Review: The Last of the Sages (The Sage Saga Book 1) by Julius St. Clair

★★★ The Last of the Sages

When the world is threatened by the sinister forces of evil, heroes always rise from unexpected places. In The Last of the Sages, the first book of the epic Sage Saga by Julius St. Clair, readers are pulled into the mystical world of Allay, where magic and danger are everywhere, and where the life of young James is about to change forever.

After being told by his father that he is being sent to the Sentinel Academy – the mysterious training center that shapes young men of the kingdom into warriors – he decides to run away, but doesn’t get far. Not only does the Kingdom never seem to fight any wars, but no one ever returns from the Academy; funerals are often held the day after the young men depart. However, the powers of family and fate are strong, and James is inexorably dragged into this bizarre school and exposed to tests, mysteries, and the quest for a higher purpose that he had always lacked.

In a similar vein as Lev Grossman’s The Magicians, this book takes a wayward youth and tosses him into the fight of his life, where he meets new friends and discovers the powerful potential buried inside of him. Rather rapidly, James seems to evolve from a moody slacker into an eager student, and surprises his trainers with how adept he is. The book takes on the mood of a high school drama at times, and a mystical adventure at others, peppered in with the possibility of romance, intrigue, and betrayal among the ranks of the Academy.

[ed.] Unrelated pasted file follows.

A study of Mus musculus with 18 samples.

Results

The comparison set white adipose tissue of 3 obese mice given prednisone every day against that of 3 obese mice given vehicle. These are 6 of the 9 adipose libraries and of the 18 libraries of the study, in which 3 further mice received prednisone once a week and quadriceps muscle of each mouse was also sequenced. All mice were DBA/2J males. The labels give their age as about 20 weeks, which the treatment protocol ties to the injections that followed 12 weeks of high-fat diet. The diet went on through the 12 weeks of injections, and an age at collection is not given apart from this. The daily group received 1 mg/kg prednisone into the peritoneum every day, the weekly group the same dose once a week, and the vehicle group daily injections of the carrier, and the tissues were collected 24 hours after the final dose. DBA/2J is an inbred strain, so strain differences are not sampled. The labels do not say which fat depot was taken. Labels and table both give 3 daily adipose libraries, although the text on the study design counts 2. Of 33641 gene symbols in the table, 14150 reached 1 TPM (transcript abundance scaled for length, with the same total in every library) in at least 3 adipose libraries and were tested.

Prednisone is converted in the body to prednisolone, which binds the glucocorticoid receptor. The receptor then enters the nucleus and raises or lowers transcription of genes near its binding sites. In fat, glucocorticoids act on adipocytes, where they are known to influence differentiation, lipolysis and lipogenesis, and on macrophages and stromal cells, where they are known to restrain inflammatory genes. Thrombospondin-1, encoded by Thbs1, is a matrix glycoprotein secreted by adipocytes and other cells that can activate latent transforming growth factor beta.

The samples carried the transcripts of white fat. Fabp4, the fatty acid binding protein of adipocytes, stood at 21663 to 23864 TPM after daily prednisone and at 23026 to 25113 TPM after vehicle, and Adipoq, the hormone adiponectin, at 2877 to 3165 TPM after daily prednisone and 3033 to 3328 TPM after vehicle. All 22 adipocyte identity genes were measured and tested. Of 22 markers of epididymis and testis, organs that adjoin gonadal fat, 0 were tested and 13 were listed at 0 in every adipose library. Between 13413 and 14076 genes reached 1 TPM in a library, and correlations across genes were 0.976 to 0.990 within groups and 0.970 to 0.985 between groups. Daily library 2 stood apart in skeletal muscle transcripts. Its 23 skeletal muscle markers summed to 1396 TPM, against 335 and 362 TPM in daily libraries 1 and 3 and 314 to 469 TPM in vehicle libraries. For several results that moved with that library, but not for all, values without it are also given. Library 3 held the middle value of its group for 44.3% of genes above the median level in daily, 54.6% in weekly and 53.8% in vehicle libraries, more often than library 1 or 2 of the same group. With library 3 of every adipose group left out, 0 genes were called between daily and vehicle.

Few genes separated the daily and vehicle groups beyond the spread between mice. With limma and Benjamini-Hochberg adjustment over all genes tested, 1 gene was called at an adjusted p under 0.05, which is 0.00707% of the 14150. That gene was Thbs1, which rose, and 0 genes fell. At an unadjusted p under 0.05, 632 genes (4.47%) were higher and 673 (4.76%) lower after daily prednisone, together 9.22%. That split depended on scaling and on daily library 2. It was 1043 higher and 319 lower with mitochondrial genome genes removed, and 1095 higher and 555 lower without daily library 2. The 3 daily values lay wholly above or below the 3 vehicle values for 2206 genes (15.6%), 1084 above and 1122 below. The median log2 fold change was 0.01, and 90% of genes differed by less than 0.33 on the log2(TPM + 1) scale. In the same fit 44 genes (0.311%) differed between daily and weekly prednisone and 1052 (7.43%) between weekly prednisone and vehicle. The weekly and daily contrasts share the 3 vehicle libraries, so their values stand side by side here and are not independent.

There is a lot going for the novel, but the plot is a bit rambling and directionless, and the story itself seems slightly derivative of other authors and series. James and the other characters are well developed by St. Clair, but there aren’t many compelling moments that inspire loyalty or support for the protagonist. He isn’t overly likable at the start of the book, but seems to quickly shift his personality once he enters the academy, making his identity a bit too malleable to trust.

In terms of the progression of the narrative, it moves in fits and starts, with some of the passages serving no overwhelming purpose, as though the author was filling time before deciding where to take the story next. By the halfway mark of the book, the action becomes more important than many of the earlier scenes, and the novel ends strong, but there are many disjointed moments along the way. The target audience is a bit difficult to assess as well, as certain moments seem perfectly suited for YA readers, while other scenes are geared for adults or hardened sci-fi fans.

Additionally, there are myriad grammatical errors and misspellings, as well as repetitive language use of certain words. The mistakes are usually small, such as using “horde” instead of “hoard,” but there are enough of them to be distracting. A final polish would have been a simple way to clear up many of these errors.

The Last of the Sages doesn’t break great ground for a fantasy novel, but there are solid elements for the establishment of a series. Knowing that there are more books in this saga, it will be intriguing to see where these characters go next, but the quality of the writing and attention to detail should also grow and mature, just like the characters on the pages.